The book follows two main protagonists: Anaplian, an agent of the hyper-advanced anarcho-utopian Culture, and her half-brothers Ferbin and Oramen, next in line for the throne of the medieval Sarl.
The Sarl are clients of the crab-like Oct who squabble with another species for control of the Shellworld, an artificial planet created a billion years ago for unknown purposes. The Oct are clients of the insectile Nariscene, and the Nariscene are themselves clients of the spiniform Morthanveld. All this hierarchy is important, because a central theme of Matter is the ways that powerful societies interact with less developed neighbors. Anaplian jumped from the bottom of this hierarchy to the top, and she has to go back to the bottom in order to help her brothers who are the victims of court intrigue.
The gigantic Shellworld is the site of most of the action, and it plays an important role in the story. Ringworld (about an artificial ring around a star) was one of the books that got me hooked on science fiction, so I've always been partial to stories about "giga-architecture". Banks is as good as anybody when it comes to evoking a sense of wonder about impossibly big constructions.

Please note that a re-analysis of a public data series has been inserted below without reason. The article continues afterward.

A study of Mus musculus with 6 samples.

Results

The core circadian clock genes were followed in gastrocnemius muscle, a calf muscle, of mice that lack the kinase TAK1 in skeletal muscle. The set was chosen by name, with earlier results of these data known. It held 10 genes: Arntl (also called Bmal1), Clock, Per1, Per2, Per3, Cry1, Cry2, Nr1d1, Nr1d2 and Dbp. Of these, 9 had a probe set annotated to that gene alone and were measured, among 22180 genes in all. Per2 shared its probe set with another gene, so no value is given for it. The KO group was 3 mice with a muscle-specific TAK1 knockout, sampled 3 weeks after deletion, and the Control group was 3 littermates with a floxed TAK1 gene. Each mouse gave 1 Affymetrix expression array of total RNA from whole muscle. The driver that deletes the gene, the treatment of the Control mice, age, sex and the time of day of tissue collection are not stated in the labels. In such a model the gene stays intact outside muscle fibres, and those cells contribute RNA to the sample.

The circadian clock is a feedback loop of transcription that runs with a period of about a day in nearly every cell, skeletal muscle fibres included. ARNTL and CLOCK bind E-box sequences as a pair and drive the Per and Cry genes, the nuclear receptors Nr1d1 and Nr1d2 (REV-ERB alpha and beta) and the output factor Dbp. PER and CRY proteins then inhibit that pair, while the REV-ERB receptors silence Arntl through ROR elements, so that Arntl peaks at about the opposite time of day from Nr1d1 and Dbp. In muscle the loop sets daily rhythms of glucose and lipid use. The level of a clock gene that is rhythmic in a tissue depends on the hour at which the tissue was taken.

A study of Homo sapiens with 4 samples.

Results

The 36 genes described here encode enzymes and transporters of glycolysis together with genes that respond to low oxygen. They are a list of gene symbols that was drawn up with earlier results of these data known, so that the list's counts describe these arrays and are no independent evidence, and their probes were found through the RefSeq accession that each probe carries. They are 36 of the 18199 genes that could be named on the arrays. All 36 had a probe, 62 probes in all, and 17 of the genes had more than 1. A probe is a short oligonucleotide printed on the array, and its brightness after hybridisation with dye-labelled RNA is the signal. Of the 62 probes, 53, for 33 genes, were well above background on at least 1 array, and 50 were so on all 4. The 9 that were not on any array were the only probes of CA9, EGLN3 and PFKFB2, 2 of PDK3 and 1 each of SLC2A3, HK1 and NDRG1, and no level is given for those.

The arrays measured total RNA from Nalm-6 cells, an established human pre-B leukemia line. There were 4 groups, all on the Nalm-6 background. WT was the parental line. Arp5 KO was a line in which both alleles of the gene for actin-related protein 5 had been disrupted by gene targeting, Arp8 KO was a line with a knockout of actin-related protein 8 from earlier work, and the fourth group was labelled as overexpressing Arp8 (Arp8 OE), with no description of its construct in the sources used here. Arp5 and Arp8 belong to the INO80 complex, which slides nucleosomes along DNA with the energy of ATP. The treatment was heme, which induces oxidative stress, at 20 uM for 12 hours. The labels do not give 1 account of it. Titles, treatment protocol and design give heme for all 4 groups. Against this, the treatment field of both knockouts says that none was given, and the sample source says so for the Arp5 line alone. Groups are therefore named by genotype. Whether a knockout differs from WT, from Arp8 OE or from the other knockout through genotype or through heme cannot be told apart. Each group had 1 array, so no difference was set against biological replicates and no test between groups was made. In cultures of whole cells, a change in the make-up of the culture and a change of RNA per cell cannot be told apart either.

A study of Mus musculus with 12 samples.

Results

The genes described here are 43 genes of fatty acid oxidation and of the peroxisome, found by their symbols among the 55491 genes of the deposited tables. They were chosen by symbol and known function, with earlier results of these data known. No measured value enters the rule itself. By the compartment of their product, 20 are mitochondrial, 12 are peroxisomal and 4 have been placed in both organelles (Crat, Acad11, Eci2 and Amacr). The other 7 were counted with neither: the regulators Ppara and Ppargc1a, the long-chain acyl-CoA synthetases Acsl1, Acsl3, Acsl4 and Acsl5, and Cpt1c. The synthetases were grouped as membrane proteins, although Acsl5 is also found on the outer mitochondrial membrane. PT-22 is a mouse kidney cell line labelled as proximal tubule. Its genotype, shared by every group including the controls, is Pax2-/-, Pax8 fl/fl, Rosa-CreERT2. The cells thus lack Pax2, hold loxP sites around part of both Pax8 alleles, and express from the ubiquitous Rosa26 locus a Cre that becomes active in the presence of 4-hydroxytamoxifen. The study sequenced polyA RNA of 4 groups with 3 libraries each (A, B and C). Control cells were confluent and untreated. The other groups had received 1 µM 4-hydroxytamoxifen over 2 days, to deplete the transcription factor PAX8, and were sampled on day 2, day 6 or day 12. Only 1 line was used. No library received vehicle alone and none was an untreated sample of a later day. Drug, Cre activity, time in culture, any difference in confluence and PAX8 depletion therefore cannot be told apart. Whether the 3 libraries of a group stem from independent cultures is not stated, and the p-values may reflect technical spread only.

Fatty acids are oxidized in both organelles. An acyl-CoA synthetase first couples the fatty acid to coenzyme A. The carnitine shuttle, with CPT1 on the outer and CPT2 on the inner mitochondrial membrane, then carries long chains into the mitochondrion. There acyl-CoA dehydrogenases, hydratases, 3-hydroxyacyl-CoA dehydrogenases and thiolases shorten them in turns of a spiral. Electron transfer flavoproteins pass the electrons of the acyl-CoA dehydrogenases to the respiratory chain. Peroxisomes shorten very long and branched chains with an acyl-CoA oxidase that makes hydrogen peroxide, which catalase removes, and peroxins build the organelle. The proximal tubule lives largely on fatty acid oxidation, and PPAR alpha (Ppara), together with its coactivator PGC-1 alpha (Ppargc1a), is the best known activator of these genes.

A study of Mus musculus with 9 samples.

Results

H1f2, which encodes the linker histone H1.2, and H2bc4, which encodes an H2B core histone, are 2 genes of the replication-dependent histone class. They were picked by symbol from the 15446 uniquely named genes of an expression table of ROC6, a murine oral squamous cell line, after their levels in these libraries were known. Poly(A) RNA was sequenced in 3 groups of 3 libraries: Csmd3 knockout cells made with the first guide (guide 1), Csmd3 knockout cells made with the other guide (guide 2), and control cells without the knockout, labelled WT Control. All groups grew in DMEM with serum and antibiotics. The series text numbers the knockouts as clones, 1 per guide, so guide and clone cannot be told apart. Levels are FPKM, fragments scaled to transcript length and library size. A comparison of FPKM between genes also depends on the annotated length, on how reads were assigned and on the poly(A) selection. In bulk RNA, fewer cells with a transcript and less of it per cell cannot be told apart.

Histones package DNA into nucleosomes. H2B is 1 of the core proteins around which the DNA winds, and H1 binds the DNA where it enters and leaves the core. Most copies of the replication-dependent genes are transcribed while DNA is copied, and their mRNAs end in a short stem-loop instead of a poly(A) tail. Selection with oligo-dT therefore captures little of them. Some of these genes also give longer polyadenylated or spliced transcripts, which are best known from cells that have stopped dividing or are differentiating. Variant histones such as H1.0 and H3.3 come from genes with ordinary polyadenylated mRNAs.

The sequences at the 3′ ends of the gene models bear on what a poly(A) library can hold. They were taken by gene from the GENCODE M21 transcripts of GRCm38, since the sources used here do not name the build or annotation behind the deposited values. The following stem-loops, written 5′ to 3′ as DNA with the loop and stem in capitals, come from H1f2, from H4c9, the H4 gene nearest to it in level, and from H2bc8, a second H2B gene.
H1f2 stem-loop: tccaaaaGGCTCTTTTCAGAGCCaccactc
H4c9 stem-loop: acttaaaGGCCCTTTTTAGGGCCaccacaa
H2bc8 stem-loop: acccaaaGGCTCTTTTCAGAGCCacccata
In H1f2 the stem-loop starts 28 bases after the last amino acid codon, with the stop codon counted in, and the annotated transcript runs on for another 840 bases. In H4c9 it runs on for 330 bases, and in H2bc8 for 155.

Matter also owes a debt to Fire Upon The Deep by Vernor Vinge (another favorite author). Like FUtD, Matter jumps between medieval and futuristic plot lines; Matter's plot also hinges on the awakening of a formidable ancient artifact. In fact, Banks includes a nod to Vinge when he describes a "Monopathic Hegemonizing Event" -- although Vinge never used that phrase, it's a perfect description of the central threat in his book.
My only complaint about the book is that Banks brings a few important threads to a surprisingly abrupt close. The end comes quickly and I was left wanting more. But overall the book is well worth your time if you have any interest in science fiction.